280387 Optimal Device Placement for Fault Tolerant Controller Design of Transport-Reaction Processes with Irregular Process Domain
Actuator failures have too often plagued chemical processes, often leading to deteriorating product quality and potentially dangerous process operation, such as runaway conditions. Motivated by the importance of the aforementioned problem, the issue of fault tolerant and fault accommodating controller design has been an active research topic in the chemical engineering community. However, while there has been extensive research from the control community on fault detection and diagnosis of finite dimensional systems using model-based robust and adaptive control techniques, the issue of fault tolerant control for distributed processes has been investigated in the last five years.
In this presentation we address the issue of fault tolerance by explicitly considering the spatial variability that transport-reaction processes naturally enjoy, The underlying idea is to identify actuator locations that while being physically apart they have the same authority on the process states. This is only applicable to distributed parameter systems wherein two or more different locations within the spatial domain of definition can provide the same level of controllability and at the same time the same feedback gain can be applicable to all such locations. We capitalize on this property of spatially distributed parameter systems to find locations for different groups of actuators with similar controllability levels, and when a given actuator group fails, then simply deactivating the faulty actuator group and activating another actuator group constitutes the fault accommodation policy, while the control signal in this case is not changed.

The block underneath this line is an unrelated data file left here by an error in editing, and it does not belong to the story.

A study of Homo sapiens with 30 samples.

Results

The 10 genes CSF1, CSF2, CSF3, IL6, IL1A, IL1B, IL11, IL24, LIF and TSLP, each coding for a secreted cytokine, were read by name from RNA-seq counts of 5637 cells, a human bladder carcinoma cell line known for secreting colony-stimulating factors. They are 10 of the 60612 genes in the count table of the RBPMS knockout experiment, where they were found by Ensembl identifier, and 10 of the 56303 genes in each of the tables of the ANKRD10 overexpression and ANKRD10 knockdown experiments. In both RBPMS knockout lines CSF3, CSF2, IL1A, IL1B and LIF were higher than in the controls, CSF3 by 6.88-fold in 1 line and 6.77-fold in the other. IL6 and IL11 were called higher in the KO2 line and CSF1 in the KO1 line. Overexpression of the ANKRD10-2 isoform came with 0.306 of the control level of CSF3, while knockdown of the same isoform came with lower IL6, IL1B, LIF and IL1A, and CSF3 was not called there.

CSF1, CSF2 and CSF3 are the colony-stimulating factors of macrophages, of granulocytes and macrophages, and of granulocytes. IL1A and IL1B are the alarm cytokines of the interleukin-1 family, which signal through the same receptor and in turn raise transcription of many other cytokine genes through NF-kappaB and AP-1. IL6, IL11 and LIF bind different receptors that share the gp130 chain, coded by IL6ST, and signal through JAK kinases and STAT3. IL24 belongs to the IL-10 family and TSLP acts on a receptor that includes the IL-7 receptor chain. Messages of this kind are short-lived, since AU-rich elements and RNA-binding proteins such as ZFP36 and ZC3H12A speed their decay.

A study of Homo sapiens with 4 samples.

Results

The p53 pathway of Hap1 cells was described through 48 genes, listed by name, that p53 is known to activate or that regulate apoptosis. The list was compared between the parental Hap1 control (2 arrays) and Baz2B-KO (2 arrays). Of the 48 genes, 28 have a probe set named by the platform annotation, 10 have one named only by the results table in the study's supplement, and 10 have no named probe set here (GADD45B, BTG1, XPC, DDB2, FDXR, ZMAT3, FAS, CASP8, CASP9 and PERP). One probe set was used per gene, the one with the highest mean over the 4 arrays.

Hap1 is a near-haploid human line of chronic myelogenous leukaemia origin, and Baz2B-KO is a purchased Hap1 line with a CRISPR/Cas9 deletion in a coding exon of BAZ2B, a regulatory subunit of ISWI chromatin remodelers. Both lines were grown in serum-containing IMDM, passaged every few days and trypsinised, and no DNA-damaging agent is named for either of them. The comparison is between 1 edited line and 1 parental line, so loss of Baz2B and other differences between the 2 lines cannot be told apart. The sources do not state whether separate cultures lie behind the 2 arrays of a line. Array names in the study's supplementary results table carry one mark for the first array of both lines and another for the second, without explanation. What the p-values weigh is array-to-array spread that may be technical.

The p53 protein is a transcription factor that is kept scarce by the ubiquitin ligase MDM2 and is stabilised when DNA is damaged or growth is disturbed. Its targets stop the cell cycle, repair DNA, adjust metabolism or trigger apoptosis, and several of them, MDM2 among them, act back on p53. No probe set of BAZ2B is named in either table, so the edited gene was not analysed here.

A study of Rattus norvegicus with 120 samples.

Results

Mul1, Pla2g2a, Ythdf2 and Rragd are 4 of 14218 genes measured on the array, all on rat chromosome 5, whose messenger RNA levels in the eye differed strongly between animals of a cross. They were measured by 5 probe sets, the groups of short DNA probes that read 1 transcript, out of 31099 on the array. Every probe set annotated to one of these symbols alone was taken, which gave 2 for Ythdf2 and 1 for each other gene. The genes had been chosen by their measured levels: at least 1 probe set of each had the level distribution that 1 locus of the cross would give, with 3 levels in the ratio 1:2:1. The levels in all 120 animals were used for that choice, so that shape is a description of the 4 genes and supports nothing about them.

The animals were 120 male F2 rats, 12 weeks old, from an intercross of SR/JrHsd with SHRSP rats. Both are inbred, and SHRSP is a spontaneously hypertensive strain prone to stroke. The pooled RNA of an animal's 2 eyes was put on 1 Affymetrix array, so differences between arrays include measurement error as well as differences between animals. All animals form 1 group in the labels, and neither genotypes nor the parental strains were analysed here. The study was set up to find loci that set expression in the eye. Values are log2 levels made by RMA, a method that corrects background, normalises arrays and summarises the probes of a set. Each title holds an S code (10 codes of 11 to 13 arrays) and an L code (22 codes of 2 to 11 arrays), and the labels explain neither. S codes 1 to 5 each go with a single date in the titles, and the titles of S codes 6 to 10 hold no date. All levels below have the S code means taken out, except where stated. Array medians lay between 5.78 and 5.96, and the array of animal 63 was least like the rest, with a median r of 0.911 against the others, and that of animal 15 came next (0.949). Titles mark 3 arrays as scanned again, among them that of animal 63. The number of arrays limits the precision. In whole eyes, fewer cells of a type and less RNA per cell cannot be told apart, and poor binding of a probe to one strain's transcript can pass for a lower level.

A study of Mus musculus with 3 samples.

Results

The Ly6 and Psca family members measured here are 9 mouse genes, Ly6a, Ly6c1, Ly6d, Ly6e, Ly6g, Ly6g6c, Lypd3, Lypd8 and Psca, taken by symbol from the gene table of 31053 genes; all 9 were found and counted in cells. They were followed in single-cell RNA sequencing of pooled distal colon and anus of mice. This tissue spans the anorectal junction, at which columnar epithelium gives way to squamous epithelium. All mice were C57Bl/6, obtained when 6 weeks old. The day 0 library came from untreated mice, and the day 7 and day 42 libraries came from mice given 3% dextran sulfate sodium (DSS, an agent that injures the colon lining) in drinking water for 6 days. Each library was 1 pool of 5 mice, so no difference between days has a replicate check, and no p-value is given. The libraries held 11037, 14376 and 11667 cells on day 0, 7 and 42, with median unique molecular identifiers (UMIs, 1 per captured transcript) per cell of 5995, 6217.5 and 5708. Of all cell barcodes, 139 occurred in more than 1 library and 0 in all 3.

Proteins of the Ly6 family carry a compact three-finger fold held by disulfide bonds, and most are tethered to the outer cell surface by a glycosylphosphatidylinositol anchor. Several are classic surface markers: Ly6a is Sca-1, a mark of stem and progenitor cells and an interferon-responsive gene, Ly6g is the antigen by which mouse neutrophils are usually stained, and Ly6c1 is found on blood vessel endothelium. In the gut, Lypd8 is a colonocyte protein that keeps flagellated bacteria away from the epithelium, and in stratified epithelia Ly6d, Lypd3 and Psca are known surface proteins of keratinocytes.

Therefore the major conceptual contribution of this work is the efficient identification of ``optimal'' actuator locations that have the same level of controllability and design a single feedback controller for the archetypal actuator group. A major hurdle in such a procedure is the complexity of the spatial domain which in general would render the approach computationally infeasible. In principle, the spatial operator eigenfunctions could be combined with the method of weighted residuals to identify an ordinary differential equation (ODE) based approximation of the process description. However, for processes with complex spatial domains such functions cannot be analytically derived. We circumvent this by developing a proper orthogonal decomposition based algorithm that is used to reduce the process description to the ODE form. The algorithm is specifically tailored to account for the statistical nature of the order reduction step and converge to the true optimal actuator locations. An on-line supervisor is subsequently built that includes a fault detection scheme that monitors for possible faults by comparing the plants performance with that of the nominal performance. When a deviation is observed, then a fault is declared. The fault accommodation scheme in this special case does not require a control reconfiguration, but simply the deactivation of the current actuator group and the activation of another healthy actuator group. The profound simplicity of the fault accommodation significantly reduces the costs associated with process supervision with obvious economic and performance savings.